March 21, 2012 template
(1990’s | computerese | “blueprint,” “model,” “example”)
A word that had one or two narrow meanings for a long time that turns up everywhere now. It comes out of architecture, where it originally meant a horizontal weight-bearing beam. It was originally spelled templet, and a few people, like me, still pronounce it that way, but you hear it often with equal stress on both syllables, the second syllable pronounced with a long “a.”
The word acquired a specific meaning in the nineteenth century that persists into the twenty-first, although it is no longer primary. A template was a guide or form along which one guided a pencil, drill, or saw to make precision cuts or drawings. In other words, it was a fancy stencil. While it turned up often in industrial and home-improvement contexts, there were humbler domestic examples, like sewing patterns or cookie cutters. Then there were a couple of more specialized senses. “Template” could mean a three-dimensional scale model, such as a model of a room in which each piece of furniture was sized and placed precisely. In the oil industry, a template is a platform laid on the ocean floor which guides the drills and is connected to the drilling apparatus above. In chemistry, it was (and is) the “recipe” a cell follows to replicate itself. Occasionally it meant a standard against which something was measured, usually literally. As late as 1980, these definitions were what we invoked when we used the word.
Now, “template” has no end of extent. Here’s a recent implausible example, from the New York Times (March 17, 2012): “the experience [of Irish immigrants in the 1840’s] established a stereotype, a template, applied ever since to whichever national or ethnic group happened to be the latest impoverished arrivals.” The prejudice and abuse good Americans heaped on the Irish back then continues to guide us in dealing with all those who came after. (And they say Americans don’t know anything about history.) There remains a resemblance to the old sense of guide or form, but in a much less concrete way. Another common contemporary example describes Mitt Romney’s health care law in Massachusetts as a template for Obama’s federal plan passed in 2010. Here is a fine example of “template” used the way we used to say “blueprint.” The administration followed the outlines of the state plan and adopted many of the same proposals. It’s vaguely reminiscent of the idea of a stencil, but it also harks back to the sense of a scale model.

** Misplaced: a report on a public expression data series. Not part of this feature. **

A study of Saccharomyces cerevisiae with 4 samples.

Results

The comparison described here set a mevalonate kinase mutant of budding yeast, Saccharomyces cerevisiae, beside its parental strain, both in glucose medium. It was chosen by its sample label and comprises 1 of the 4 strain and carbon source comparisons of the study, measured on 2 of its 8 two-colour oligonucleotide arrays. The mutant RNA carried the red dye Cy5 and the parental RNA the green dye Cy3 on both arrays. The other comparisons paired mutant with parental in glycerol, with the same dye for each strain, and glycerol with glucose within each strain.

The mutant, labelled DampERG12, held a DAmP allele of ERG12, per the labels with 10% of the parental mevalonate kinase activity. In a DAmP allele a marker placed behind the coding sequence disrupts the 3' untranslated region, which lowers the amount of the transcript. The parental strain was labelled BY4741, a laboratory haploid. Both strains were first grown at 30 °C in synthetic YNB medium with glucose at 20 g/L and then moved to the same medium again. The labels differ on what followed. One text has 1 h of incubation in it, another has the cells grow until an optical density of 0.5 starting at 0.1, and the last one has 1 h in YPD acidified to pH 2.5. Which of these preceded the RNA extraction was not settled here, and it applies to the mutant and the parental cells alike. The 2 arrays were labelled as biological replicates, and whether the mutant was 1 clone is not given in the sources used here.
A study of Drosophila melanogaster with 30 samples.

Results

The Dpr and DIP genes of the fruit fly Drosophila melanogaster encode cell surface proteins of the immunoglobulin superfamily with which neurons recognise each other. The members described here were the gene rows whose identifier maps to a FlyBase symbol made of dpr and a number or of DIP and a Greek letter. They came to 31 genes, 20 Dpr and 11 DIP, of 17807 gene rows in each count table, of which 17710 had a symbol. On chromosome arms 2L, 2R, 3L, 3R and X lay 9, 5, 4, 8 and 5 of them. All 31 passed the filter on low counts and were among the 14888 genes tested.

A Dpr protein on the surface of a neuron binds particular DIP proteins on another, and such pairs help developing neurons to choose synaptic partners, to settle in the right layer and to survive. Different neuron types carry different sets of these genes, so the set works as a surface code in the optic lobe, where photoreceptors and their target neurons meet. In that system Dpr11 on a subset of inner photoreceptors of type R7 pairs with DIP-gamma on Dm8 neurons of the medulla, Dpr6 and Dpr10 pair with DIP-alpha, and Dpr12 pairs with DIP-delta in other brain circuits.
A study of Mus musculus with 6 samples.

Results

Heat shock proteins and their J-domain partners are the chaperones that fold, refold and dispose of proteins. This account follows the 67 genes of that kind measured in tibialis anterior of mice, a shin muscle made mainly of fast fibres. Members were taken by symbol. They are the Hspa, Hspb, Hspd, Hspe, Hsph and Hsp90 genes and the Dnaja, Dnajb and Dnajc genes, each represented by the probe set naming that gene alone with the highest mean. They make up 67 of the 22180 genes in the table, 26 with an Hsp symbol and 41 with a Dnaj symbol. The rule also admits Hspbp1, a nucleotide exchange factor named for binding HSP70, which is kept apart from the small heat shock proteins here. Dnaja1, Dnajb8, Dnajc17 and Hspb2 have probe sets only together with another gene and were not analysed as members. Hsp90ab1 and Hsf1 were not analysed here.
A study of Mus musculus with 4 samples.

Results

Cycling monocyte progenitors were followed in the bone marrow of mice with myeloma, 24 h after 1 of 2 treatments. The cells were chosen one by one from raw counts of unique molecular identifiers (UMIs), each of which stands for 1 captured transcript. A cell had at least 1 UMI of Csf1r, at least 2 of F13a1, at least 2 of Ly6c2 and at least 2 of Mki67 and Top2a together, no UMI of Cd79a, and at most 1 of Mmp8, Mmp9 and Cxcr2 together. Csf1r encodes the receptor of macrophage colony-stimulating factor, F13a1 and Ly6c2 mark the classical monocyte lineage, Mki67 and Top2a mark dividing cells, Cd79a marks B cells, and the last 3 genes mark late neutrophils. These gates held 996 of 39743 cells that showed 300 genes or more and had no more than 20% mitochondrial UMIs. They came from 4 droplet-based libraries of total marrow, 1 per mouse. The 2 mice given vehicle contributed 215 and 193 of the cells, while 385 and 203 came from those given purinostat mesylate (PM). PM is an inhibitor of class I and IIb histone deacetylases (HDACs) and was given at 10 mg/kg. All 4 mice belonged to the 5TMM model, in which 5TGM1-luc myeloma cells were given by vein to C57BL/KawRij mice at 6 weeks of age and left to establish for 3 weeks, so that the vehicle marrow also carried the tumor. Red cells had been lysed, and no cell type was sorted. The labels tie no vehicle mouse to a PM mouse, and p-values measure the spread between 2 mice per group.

What’s changed? Now when you think of a template, you don’t think of an object any more; it’s abstract. Politicians and planners use it a lot — any kind of public policy that can be adopted or imitated where people are trying to solve a similar problem is called a template. Every temporarily successful stratagem is so crowned, and others are urged to adopt it without considering whether it will work under completely different conditions.
Back in the awful eighties, the growing allure of computerese gave “template” its entrée into everyday speech. It had two separate meanings. One was a printed guide to keyboard commands (no mice back then, remember, kids) that you laid out alongside the function keys so you didn’t have to remember what alt-F4 does in this software. It’s an odd use of the term: the idea of laying the guide over the work area is retained, but it’s more like a crib sheet than a form. Another meaning erupted at the same time, as glossed in American Banker (October 25, 1989): “A spreadsheet with formulas and text already entered for a specific use. Example: IRS Form 1040 set up for use with SuperCalc, a spreadsheet program.” It didn’t have to involve spreadsheets, of course, any software could come with built-in forms that turned complicated tasks into fill-in-the-blanks. This sense has paved the way for our ubiquitous usage, but what exactly is it about this meaning of “template” that has taken over? It’s the prefab quality. All you have to do is enter some data and the template does the work, whether it’s getting your taxes ready or displaying a web page or designing a health-care system. The real work has been done by the programmer or designer or think-tank wizard, and you don’t mess with that part. If the template is the Massachusetts health-care plan, the federal government has to put in different information, but the basic moves are already there — the ways the plan crunches the numbers (and gathers them in the first place), the policy prescriptions, the legal requirements, etc. — and you stick in your data and pull out a multi-volume federal law. It’s not quite as simple as what we used to call “crank-turning” in math class, but that’s what it boils down to.